Growing up, money has always been a taboo subject. Most nurses and nurse practitioners are not aware or have never been schooled in the art of negotiation. Honestly, I have never negotiated my salary until my 2nd job as a nurse practitioner. For some people, negotiating could bring up an emotional response. Sometimes it can be a source of anxiety and stress.
According to new CareerBuilder research, a majority of employers in the U.S. (73 percent) say they would be willing to negotiate salary on an initial job offer. Still, more than half of workers (55%) do not even ask for a higher salary when offered a new position .Some of the reasons are: they don’t feel comfortable asking for more money, they are afraid the employer will decide not to hire them, or they don’t want to appear greedy.
Negotiating is something important and should be done whenever you are offered a new job. I like to think of it as a way to advocate for yourself and your worth in your profession.
Here are some tips on How to Negotiate your NP Salary:
- Negotiation is Normal
- Most hiring managers EXPECT salary negotiations but they want the candidate to initiate this conversation
- As a Nurse Practitioner, it is common to negotiate your contract with your employer
2. Before Negotiating, Do your Research
- You need to do know your salary expectations, not only as a NP, but of NEW grad NPs as well. Some factors to consider when doing your salary research is: your location, what your specialty is, your experience (as a NP not a RN). (Check out my post about How much does a Nurse Practitioner Make?)
- .Check out Monster, Indeed, Glassdoor, PayScale, and similar websites to see what the pay ranges are.
- If possible, speak directly with those who hold similar positions in your area. You can use networking resources like FB groups, LinkedIn. They may not share their salary but you can ask the right questions to seek for the answer (sometimes just ask for an approximate range)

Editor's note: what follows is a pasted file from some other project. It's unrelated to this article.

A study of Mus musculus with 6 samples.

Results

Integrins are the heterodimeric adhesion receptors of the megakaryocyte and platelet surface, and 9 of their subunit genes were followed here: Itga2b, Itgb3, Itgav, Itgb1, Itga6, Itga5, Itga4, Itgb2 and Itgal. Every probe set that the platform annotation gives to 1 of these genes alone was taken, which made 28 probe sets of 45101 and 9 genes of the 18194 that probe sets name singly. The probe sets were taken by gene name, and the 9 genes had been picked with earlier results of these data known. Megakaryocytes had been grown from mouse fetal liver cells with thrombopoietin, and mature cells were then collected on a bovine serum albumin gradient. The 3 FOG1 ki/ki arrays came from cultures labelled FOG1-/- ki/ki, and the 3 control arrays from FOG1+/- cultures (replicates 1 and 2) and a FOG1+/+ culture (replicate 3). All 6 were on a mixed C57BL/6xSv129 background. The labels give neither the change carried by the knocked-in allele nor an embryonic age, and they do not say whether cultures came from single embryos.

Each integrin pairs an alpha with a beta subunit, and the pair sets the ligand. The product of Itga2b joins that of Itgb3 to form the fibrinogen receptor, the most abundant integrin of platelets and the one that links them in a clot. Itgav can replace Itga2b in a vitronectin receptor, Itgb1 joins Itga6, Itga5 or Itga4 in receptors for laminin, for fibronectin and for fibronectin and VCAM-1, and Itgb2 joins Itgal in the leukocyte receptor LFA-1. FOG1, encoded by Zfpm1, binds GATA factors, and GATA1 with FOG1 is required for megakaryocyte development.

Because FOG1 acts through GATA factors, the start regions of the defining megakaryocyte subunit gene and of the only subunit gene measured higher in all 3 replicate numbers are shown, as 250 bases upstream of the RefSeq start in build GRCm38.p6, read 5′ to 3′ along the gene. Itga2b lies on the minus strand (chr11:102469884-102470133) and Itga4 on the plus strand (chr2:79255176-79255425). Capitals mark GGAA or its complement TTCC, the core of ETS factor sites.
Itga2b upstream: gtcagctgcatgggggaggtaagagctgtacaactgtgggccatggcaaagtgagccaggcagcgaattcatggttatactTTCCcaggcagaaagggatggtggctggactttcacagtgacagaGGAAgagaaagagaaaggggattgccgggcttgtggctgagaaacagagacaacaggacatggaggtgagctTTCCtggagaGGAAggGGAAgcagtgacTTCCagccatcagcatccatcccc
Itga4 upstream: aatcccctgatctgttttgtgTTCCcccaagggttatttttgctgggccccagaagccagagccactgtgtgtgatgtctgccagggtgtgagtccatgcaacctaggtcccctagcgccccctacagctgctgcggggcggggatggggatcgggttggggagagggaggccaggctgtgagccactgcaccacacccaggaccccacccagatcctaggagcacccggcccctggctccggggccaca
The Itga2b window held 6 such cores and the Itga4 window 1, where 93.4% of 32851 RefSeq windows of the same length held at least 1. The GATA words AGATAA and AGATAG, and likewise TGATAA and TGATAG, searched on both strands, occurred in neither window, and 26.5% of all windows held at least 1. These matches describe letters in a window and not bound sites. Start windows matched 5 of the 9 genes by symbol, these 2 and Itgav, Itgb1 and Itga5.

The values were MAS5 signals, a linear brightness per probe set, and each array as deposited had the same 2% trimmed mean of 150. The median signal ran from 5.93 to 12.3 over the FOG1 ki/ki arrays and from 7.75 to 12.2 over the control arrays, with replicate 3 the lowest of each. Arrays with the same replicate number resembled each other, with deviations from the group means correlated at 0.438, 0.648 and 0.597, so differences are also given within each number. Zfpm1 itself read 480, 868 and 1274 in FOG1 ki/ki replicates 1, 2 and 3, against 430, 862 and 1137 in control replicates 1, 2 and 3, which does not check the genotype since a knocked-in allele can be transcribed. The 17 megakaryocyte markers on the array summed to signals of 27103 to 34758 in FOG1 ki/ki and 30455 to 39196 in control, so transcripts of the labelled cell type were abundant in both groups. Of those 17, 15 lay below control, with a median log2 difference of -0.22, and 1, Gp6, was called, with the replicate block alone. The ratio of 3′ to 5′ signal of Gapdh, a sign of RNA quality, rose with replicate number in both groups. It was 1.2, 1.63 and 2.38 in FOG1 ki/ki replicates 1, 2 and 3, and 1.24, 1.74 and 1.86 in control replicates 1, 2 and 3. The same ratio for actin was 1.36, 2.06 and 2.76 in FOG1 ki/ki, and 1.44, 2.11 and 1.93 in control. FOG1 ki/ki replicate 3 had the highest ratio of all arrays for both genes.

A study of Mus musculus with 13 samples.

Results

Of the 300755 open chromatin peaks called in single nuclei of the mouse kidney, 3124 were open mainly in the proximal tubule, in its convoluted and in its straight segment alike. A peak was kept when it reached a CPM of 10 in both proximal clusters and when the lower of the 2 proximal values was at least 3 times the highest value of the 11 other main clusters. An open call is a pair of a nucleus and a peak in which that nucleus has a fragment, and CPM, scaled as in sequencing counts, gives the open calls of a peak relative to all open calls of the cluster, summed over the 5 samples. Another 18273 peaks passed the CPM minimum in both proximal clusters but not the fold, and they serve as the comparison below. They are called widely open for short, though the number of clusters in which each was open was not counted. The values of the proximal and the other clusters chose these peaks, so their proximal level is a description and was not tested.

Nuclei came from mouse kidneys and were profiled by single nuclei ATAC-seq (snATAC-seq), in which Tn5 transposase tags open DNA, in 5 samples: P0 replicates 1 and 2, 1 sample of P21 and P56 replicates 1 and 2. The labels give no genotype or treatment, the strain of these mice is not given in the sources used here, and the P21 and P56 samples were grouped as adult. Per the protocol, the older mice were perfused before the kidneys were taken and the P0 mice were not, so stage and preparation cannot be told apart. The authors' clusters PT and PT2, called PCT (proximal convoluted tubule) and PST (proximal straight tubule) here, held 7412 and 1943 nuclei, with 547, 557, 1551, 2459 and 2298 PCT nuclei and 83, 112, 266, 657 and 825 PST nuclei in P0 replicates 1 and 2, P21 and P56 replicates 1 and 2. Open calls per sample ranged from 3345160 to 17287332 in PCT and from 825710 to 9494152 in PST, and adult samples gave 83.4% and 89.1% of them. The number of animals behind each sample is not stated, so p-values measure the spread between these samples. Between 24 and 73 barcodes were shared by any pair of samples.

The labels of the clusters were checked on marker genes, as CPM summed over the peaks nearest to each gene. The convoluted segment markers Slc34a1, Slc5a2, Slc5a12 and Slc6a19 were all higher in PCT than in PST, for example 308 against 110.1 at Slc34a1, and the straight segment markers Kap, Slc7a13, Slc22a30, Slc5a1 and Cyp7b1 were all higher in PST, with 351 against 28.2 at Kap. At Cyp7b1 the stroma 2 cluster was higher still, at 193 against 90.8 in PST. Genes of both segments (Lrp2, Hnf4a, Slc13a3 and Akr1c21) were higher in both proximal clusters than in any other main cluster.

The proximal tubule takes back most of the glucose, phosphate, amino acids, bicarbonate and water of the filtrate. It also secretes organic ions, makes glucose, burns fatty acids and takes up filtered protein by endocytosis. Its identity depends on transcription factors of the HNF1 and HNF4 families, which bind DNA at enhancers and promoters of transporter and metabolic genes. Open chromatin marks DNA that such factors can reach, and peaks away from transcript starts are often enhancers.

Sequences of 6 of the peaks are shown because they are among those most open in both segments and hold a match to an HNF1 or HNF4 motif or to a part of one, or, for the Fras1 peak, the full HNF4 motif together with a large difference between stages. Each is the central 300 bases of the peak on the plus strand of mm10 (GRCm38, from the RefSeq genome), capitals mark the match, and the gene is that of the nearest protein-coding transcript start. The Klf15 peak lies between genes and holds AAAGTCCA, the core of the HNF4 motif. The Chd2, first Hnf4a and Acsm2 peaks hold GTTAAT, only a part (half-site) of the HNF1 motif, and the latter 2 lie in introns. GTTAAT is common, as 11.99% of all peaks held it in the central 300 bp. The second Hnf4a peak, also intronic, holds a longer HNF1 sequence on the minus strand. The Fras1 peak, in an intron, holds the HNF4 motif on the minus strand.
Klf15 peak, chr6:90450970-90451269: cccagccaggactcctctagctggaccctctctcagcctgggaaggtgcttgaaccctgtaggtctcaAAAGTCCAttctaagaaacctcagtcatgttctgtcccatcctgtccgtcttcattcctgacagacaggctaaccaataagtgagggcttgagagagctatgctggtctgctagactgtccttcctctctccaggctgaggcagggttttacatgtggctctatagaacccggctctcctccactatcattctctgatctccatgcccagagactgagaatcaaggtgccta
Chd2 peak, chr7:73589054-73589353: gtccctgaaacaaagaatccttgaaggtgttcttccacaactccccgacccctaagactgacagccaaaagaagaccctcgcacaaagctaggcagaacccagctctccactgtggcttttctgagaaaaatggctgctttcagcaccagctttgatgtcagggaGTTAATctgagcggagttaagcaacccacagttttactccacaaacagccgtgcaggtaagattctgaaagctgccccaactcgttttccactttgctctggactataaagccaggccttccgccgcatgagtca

3. Know the setting of your Negotiation
- While most negotiations happen in-person during the interview (if you get the job offer on the spot), email is best way to keep a digital trail that ensures communication is clear and quick.
4. Negotiate with Confidence
- When you discuss compensation and salary with your potential employer, you’re demonstrating that you value your education, expertise, experience and knowledge and sometimes if you want to be valued by an employer, you have to also understand your own worth.
- Besides salary, there are other things you have to also include in your negotiation .Remember that your compensation package is more than just your paycheck. If the money itself can’t be negotiated, use PTO, Continuing Medical Education (CME) allowance, health insurance premiums, sign-on bonuses, relocation bonus etc.
5. Be Authentic
- At the end of the day, the negation is about YOU and WHAT YOU WANT
- Be prepared to walk away if the of offer is not reasonable. Do not accept an offer that you know will not pay the bills, student loans etc.
- If you sincerely want the job, ALWAYS NEGOTIATE IN GOOD FAITH.
Andrea, from ResumeRx has a good article on How to Navigate Your Negotiation Conversation
Salary negotiation is never easy but learning to value your worth as a professional is KEY. Research, negotiation, and compromise skills are important for your career growth and as you come into your own as a highly valued and valuable nursing professional.